By lex, on May 6th, 2010
Pretty much exploded:
American officials said Wednesday that it was very likely that a radical group once thought unable to attack the United States had played a role in the bombing attempt in Times Square, elevating concerns about whether other militant groups could deliver at least a glancing blow on American soil.
Officials said that after two days of intense questioning of the bombing suspect, Faisal Shahzad, evidence was mounting that the group, the Pakistani Taliban, had helped inspire and train Mr. Shahzad in the months before he is alleged to have parked an explosives-filled sport utility vehicle in a busy Manhattan intersection on Saturday night. Officials said Mr. Shahzad had discussed his contacts with the group, and investigators had accumulated other evidence that they would not disclose.
I heard an interesting story yesterday on NPR: A security analyst theorized that Shahzad had returned to Pakistan looking to make something meaningful out of what had become a Willy Lomanesque existence. The Pakistani Taliban probably suspected that he was an American spy, given his background, and gave him just enough training to come back to Amreeka and show his value, without gaining access to any important contacts. Kind of a “freebie” for the Talibs, and a chance to stir the pot without putting much into it.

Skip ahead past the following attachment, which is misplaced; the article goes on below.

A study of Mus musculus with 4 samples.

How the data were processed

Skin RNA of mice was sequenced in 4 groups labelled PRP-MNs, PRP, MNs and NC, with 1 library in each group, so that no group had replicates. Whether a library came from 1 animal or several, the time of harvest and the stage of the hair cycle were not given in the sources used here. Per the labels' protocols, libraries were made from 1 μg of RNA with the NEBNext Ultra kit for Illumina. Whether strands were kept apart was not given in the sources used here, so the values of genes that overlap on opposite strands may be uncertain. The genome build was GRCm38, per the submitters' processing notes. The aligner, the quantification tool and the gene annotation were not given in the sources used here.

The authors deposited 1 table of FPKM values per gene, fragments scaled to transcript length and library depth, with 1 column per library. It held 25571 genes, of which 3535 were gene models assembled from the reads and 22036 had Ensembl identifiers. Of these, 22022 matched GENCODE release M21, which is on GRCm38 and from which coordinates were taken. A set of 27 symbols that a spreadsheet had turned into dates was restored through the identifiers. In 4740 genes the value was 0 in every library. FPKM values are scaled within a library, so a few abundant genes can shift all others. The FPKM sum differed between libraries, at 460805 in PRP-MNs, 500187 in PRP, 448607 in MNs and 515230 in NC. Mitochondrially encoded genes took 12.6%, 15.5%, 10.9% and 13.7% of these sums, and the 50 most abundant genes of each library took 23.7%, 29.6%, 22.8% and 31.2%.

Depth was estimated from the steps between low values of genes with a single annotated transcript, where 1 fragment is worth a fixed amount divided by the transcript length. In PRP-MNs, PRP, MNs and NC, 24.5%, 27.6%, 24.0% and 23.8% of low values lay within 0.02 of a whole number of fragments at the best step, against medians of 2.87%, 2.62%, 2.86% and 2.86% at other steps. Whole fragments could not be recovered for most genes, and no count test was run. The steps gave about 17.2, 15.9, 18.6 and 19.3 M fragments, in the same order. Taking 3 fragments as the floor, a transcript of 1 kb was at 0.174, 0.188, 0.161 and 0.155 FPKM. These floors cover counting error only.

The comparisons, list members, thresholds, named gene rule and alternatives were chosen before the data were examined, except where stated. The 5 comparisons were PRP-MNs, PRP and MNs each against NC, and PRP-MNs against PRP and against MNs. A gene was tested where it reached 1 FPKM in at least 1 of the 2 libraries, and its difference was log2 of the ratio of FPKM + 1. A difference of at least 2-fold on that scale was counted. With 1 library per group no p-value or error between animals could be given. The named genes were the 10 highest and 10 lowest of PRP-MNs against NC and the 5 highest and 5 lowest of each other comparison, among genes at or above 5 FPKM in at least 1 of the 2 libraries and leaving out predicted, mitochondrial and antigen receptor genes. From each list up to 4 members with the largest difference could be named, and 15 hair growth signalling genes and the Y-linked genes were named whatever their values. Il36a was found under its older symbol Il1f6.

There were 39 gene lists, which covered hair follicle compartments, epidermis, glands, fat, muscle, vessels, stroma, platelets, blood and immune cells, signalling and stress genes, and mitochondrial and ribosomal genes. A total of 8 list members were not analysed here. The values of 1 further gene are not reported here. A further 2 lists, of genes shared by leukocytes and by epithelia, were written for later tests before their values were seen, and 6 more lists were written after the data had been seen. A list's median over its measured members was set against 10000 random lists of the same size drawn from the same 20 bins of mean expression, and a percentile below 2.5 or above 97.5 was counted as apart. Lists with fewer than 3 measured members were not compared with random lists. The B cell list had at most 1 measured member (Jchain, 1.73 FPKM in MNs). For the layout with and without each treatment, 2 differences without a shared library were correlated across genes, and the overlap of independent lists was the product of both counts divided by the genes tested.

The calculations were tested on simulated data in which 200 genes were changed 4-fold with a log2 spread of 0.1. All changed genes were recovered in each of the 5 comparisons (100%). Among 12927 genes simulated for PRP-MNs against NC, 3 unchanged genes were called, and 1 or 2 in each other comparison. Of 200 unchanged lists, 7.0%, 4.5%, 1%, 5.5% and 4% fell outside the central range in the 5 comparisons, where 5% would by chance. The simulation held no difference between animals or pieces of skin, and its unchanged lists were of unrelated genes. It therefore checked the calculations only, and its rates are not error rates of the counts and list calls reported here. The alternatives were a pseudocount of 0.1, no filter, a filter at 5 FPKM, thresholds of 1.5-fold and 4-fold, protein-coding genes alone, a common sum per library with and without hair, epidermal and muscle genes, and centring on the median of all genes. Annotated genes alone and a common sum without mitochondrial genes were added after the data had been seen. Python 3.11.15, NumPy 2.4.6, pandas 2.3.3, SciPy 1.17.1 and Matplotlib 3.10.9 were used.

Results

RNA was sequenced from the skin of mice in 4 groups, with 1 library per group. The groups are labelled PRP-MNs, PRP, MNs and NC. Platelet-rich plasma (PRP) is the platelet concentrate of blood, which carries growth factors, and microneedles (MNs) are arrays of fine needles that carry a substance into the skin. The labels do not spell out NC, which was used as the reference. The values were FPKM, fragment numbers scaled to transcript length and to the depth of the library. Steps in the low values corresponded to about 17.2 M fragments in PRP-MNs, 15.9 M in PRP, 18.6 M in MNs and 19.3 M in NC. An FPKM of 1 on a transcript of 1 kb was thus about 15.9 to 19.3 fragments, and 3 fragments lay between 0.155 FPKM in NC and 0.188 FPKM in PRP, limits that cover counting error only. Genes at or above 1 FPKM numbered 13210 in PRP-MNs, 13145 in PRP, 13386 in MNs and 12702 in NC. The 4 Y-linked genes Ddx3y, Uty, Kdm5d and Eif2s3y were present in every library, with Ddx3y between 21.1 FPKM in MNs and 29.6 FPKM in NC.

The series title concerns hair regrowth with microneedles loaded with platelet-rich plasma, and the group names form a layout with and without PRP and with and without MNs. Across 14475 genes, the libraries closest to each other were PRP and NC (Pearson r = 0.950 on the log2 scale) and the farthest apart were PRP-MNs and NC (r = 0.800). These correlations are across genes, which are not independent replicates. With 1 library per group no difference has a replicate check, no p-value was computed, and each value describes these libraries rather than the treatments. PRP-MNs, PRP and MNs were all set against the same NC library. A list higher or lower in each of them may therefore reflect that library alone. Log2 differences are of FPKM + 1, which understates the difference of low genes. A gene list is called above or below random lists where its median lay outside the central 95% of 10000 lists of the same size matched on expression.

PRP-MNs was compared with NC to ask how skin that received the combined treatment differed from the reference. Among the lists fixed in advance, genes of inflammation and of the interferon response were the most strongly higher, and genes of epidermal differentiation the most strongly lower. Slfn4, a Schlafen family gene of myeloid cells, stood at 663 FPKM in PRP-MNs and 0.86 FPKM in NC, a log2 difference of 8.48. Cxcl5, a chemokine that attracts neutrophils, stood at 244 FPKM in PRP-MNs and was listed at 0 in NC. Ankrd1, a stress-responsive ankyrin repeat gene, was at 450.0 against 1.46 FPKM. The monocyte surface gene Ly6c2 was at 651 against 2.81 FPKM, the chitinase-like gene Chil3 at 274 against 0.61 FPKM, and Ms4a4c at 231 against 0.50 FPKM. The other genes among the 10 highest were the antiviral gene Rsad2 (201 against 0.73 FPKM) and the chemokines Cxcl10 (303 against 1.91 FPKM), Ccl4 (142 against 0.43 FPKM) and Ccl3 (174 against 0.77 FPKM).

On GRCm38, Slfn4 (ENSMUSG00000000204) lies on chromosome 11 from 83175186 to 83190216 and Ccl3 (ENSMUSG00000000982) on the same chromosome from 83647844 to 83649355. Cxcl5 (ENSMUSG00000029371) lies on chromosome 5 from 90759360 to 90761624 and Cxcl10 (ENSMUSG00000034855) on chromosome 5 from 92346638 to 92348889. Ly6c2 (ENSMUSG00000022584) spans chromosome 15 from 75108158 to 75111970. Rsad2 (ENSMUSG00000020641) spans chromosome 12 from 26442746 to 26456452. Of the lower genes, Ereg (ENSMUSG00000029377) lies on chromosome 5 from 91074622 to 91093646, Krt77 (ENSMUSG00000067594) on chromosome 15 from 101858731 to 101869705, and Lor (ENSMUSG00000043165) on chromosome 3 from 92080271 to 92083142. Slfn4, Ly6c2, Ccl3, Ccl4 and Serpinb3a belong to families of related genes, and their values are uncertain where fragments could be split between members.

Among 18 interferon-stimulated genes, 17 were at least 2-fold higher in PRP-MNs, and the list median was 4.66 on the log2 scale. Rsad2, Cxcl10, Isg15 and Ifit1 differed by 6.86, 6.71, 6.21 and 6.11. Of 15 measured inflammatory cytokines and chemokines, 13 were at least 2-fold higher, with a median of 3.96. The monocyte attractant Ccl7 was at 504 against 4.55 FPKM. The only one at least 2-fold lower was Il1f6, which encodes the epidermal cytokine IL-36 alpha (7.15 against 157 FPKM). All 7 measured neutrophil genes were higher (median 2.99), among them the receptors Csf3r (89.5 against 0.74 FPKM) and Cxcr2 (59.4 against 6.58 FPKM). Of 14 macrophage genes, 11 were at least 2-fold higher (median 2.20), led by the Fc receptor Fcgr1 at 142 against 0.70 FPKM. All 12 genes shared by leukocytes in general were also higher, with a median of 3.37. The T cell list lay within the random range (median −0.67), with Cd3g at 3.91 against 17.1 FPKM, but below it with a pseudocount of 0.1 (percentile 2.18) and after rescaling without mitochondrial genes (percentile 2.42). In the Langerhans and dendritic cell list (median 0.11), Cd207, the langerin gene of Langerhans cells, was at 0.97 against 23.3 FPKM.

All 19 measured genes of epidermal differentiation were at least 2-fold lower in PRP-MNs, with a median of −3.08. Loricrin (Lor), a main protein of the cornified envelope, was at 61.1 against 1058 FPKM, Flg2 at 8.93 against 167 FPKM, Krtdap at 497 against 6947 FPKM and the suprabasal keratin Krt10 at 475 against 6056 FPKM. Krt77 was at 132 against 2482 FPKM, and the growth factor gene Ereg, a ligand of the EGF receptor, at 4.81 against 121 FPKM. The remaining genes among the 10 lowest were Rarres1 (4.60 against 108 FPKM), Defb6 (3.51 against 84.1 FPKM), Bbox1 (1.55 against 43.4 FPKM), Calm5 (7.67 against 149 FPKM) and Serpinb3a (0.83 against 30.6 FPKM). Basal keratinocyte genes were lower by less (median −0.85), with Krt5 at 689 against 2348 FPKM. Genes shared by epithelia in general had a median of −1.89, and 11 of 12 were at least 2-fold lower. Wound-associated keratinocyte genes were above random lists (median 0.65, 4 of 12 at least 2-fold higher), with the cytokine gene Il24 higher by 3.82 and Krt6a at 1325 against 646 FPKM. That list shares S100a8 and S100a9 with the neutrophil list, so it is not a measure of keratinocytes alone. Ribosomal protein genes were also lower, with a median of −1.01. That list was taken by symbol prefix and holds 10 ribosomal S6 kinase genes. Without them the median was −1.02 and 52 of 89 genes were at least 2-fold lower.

I also sort of understand the haste of public officials to avoid using the “M-word” when this story was breaking. After all, there are countless Muslims leading more or less happy, productive lives here and elsewhere, and you’d prefer to avoid pushing any teeterers over the radical brink by casting sweeping aspersions. Too, government officials and the press are fearful of inciting a backlash among the great unwashed that – truth be told – has never been much in evidence, despite greater provocation.
But it does little more than add another layer of public cynicism atop an already multi-tiered cake. We are both smarter and better people than our government and media take us for. So, the urge to wish that this sort of thing was inspired by something else than what is plainly is sort of understandable.
But both stupid and insulting, none the less.